Tru Loved To Open “NewFest 2008: The 20th Anniversary NY LGBT Film Festival”

June 2, 2008

Logo (our mother ship) is one of the proud sponsors of NewFest 2008: The 20th Anniversary NY LGBT Film Festival , which runs from June 5th to 15th. We’ve already mentioned the festival’s closing film, Were The World Mine, and another festival entry, The Sensei, so let’s take a look at some other highlights (for a complete list, check out the festival’s website).

The festival opens with Tru Loved, which stars Alexandra Paul, Cynda Williams, Jasmine Guy, Bruce Vilanch, Marcia Wallace, Alec Mapa, Jane Lynch, and Nichelle Nichols (what a cast!), and is described as a “thoroughly modern high school romantic comedy”:

“Sixteen-year-old Gertrude aka Tru is a typical high school teenager from an atypical home – she is raised by her two moms, interracial couple Leslie and Lisa, who have just moved to a new town in suburban southern California, while her two dads remain in San Francisco. At school, Tru catches the eye of Lo, the closeted star quarterback who soon makes a deal with Tru to pretend they are an item. It’s seems like a perfect solution – it keeps his friends and family from asking too many questions, and it allows Tru to instantly find a place to belong in her new school. But when Tru befriends picked-upon openly gay student Walter and decides to join him in forming a Gay-Straight Alliance, she falls for GSA member Trevor, a handsome metrosexual who has been raised by his gay uncle. Her new love affair threatens to expose Lo’s true desires and standing as big man on campus.”

Other films playing:

Chris & Don: A Love Story

One of the two “centerpiece” films is Chris & Don: A Love Story, about the relationship of Don Bachardy and writer Christopher Isherwood, who was many years his senior:

“When 18-year-old Don Bachardy was introduced to 49-year-old Christopher Isherwood in 1950s Malibu, neither man knew it would be the start of a love story that would last for 30 years. Chris & Don chronicles their years together, with the vibrant and engaging Don at this extraordinary documentary’s epicenter … a touching, illuminating portrait of the enduring power of love.”

Equality U

There are five “Festival Focus” series. The first is called “Activism/Repression”, and includes the documentary Equality U:

“What happens when a busload of young LGBT Christian activists travel around the country to confront antigay discrimination policies at conservative religious and military colleges? Equality U tells the story of the Soulforce Equality Ride and their experiences combating hatred, fear, and ignorance through direct action. Their goal: to engage in a dialogue with university administration and students, explaining the tragic consequences that discriminatory policies have had on LGBT lives. Some schools welcome them, while others have them arrested and prevent them from speaking to students. Can these young activists create social change, one university at a time?”

Don’t Go

Included in the “African American Images” series is the tv pilot Don’t Go:

“Melrose Place meets The L Word in the smart ensemble drama Don’t Go, a series pilot featuring Nisha Ganatra (Chutney Popcorn), Guinevere Turner, and a host of sexy, multicultural characters who all live in the same apartment complex in Los Angeles. The best elements of unexpected soap-style intrigue, romance, and humor play out with people of color directly in the spotlight.”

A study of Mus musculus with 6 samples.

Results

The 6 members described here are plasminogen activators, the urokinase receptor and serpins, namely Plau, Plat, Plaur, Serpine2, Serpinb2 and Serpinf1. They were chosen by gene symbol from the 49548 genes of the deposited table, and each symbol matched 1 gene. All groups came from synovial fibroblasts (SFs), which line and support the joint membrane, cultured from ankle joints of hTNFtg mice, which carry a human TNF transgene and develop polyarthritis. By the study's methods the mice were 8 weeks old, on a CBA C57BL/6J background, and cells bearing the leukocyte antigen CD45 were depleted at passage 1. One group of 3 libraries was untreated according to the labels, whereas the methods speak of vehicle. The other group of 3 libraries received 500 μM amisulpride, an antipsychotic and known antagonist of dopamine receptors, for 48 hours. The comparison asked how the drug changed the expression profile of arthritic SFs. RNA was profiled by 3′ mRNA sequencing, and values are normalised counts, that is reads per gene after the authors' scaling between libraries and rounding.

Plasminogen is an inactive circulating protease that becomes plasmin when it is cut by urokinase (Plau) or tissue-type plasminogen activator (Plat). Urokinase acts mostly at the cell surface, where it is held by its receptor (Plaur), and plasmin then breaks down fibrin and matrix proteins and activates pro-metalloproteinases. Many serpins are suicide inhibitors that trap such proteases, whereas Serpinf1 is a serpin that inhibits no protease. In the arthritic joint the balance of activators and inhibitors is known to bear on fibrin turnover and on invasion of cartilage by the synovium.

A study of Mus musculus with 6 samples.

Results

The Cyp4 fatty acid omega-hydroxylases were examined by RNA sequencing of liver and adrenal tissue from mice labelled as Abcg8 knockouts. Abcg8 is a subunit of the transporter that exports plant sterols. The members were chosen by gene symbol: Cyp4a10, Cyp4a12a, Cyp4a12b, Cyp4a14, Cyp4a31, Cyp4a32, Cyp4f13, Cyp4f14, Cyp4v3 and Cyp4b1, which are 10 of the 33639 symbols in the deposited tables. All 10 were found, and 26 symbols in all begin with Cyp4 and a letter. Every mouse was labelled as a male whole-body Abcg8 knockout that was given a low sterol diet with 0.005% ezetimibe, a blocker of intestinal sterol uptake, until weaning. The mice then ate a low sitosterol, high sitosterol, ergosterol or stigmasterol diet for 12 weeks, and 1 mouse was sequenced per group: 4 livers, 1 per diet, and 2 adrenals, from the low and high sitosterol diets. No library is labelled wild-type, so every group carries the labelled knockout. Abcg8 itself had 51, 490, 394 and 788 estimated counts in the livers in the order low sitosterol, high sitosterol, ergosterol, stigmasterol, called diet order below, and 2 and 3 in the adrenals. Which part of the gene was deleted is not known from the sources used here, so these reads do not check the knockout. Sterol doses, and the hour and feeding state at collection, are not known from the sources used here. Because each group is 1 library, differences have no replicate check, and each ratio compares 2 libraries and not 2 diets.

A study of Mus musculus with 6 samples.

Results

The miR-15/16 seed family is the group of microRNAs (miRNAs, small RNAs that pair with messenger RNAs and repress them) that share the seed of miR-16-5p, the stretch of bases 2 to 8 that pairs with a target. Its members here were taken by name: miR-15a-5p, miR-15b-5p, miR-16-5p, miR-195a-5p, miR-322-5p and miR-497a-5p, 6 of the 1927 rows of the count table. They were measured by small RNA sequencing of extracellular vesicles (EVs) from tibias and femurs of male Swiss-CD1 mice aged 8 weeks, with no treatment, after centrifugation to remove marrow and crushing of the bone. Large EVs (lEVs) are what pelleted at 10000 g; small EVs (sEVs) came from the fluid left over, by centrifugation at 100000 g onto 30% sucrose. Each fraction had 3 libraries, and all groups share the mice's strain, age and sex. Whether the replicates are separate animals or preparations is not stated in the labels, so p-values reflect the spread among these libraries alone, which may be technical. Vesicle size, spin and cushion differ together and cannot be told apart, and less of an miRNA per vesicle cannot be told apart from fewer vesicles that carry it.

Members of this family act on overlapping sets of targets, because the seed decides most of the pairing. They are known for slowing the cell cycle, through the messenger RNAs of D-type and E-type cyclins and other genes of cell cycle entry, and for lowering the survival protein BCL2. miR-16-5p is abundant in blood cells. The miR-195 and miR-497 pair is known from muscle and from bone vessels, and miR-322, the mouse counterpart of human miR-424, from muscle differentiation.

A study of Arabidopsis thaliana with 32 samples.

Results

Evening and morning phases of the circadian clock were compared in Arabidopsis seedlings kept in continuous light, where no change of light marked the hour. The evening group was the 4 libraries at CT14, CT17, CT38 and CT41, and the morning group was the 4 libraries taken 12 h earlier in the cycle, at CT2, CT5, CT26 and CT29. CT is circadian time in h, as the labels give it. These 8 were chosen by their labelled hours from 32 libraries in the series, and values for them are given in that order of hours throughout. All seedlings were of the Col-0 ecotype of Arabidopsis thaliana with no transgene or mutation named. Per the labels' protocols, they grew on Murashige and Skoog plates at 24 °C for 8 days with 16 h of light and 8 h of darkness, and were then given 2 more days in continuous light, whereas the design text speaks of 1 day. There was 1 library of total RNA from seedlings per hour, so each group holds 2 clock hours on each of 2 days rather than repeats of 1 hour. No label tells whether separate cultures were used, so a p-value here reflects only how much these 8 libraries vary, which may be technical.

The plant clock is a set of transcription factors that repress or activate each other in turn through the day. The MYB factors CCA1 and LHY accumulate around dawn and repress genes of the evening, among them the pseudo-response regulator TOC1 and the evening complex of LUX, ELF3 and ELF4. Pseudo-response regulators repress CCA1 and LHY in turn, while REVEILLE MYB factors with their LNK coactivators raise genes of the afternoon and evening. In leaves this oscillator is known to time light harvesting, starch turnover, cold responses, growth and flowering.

Clapham Junction

In the “NewFest Late Night” section is the UK entry Clapham Junction, which originally aired as a part of the “40 Years Out in the UK” television program (we reviewed it over here):

“In Clapham Junction, a number of separate stories weave together over the course of one long night – the celebration of a gay wedding, a young man devoted to his grandmother’s care, a schoolboy lusting after a much older man, a couple hosting a stylish dinner party, aided by a maid whose son walks home alone. Intersecting in surprising ways, these strands form a devastating and provocative portrait of modern day gay life in London, culminating in a shockingly violent climax in the titular area, the site of a real-life hate crime that claimed the life of a young gay man in 2005.”

Daddy’s Love

From the “Parenthood” series is the Norwegian drama Daddy’s Love:

“Kenneth is a young single gay Norwegian who wants nothing more than to be a father. Working with a surrogate mother in Kansas, he eagerly awaits his son’s birth. A fascinating, intimate portrait of a father’s love and of the straight couple that helps him realize it.”

The Universe of Keith Haring

And from the “Early Days of AIDS” series, comes The Universe of Keith Haring:

“Keith Haring was one of the most popular artists of the late 20th century, and his images remain some of the most recognizable today, 18 years after his death from AIDS. Christina Clausen’s film literally explores the scope of Haring’s universe, from his personal history to interviews and archival footage of the many friends, associates, and admirers who traveled in his orbit – including Yoko Ono, David LaChapelle, Madonna, Grace Jones, Andy Warhol, Junior Vasquez, and others. The Universe of Keith Haring serves as a wonderful celebration of his life and of the enduring legacy of his art.”

For more films and for tickets, be sure to check out the festival’s website.